BOSTON (CBS) – Doctors from Massachusetts hospitals combined to release a series of public service announcements on Thursday urging people who are suffering from serious conditions not to wait for treatment because of coronavirus fears.

Doctors said a significant number people with serious ailments are avoiding treatment because they are concerned about being exposed to coronavirus. The series of PSAs will air on Boston television stations starting Thursday.

“It’s important that people are cared for when they’re sick, whether that’s for COVID-19 or for something else,” Gov. Charlie Baker said during his press briefing before showing the video PSA.

“Many hospitals have reported a reduction in patients seeking care for other serious medical conditions, like heart problems, dialysis treatments, and cancer treatments. We know these medical conditions didn’t stop when COVID-19 picked up.”

Hopkinton mother Pamela Walcott doesn’t want others to make the same mistake she did when she started having abdominal pain a few weeks ago.

“I was doubled over in pain, couldn’t even move, my whole stomach hurt,” Walcott said.

The former bodybuilder didn’t know it was appendicitis. In fact, it eventually burst, but she was afraid that a trip to the hospital might mean catching the virus and bringing it home.

“I didn’t really want to go to the ER with everything going on right now,” Walcott said.

After days of agony, Walcott called 911 and was taken to Milford Regional Hospital by ambulance for emergency surgery.

“That was stupid. I should have just gone, it’s OK to go,” she said.

Dr. Michael Apkon, CEO of Tufts Medical Center, said that so far in April his emergency departments are seeing about half the amount of patients they would normally see.

Apkon said they have seen patients with stroke symptoms who are staying at home beyond the point that medications that would improve their outcome can be issued.

Gregg Meyer, chief clinical officer at Partners HealthCare, said the organization’s emergency rooms treated 5,400 patients in January. Over the last 31 days, that number dropped to 2,800 and about half of those were coronavirus cases.

In addition, Meyer said there has been an increase in people waiting too long for treatment.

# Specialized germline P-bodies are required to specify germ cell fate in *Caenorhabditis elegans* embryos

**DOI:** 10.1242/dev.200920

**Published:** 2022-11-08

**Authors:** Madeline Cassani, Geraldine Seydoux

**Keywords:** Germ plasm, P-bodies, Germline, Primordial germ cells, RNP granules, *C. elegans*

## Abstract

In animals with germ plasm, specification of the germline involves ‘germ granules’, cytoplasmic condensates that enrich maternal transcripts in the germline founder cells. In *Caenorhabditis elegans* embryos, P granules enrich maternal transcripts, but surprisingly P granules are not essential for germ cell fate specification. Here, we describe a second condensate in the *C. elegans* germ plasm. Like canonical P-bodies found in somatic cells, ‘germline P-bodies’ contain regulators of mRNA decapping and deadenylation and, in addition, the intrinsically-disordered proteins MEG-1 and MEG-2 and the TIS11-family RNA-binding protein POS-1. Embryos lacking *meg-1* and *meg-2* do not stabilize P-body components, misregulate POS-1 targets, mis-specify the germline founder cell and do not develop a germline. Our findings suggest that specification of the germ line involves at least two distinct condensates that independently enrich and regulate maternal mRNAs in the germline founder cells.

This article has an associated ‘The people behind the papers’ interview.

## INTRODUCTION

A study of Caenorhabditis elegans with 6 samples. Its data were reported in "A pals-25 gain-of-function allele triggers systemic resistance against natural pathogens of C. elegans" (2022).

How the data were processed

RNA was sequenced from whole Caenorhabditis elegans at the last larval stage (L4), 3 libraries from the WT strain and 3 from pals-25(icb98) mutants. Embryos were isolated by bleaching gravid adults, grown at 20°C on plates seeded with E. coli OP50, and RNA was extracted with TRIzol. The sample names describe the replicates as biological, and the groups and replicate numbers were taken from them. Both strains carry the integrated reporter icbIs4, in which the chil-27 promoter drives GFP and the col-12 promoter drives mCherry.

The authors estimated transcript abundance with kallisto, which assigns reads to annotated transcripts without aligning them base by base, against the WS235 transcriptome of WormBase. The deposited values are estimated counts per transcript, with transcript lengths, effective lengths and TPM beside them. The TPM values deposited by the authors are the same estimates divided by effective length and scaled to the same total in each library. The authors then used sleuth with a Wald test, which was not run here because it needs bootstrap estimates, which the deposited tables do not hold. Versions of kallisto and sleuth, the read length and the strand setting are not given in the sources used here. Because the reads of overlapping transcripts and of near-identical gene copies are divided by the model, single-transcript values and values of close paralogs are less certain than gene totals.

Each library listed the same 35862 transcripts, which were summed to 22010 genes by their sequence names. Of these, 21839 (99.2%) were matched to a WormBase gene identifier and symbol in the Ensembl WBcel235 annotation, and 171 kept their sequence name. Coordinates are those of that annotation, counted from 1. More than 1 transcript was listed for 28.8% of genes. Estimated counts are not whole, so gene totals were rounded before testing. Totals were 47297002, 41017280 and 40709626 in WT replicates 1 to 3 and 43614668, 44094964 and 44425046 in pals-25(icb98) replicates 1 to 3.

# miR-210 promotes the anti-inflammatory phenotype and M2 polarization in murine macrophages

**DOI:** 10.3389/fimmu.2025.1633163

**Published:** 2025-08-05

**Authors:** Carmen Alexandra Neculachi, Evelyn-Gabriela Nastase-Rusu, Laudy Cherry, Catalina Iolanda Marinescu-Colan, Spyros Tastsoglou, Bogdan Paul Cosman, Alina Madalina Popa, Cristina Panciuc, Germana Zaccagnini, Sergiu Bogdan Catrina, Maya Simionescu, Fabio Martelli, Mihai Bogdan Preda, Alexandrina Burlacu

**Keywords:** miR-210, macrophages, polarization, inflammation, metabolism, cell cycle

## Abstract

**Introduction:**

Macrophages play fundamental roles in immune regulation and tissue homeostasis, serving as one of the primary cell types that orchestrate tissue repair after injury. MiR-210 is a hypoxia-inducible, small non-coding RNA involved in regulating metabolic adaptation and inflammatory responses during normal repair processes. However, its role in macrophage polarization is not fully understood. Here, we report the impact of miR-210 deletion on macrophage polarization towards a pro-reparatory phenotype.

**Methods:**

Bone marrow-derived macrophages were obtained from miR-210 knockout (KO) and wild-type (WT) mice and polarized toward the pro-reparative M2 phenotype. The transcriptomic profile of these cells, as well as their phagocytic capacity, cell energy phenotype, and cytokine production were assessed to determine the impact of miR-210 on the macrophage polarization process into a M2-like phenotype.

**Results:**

“One of my surgeons said to me last week that he has done more amputations in the last few weeks than he can ever remember,” Meyer said. “The story of each of those patients was the same. They knew they had a significant problem, but they wanted to try to take care of it at home because they really wanted to avoid coming into the hospital. Because of that, we were not able to provide them with limb sparing treatment.”

Nancy Shendell-Falik, president of Bay State Medical Center, said the hospital’s pediatric emergency department normally sees 120 children per day. Since the arrival of coronavirus, doctors are seeing 25-30 children per day.

“We have seen children that have diabetes, who have fever and fatigue that lasts for days, whose families are absolutely frightened to seek necessary care, and we unfortunately have seen some with consequences that cannot be reversed,” said Shendell-Falik.

Doctors said hospitals have precautions in place to prevent the spread of coronavirus. In many cases, patients can consult with a medical professional remotely to determine what treatment may be needed.

“We understand the fear that people have. But what we want people to know is that we are keeping you safe at the hospital. We’re decontaminating our surfaces. We’re practicing social distancing. We’re using masks, and we’re doing everything that we can to keep you safe,” said Apkon.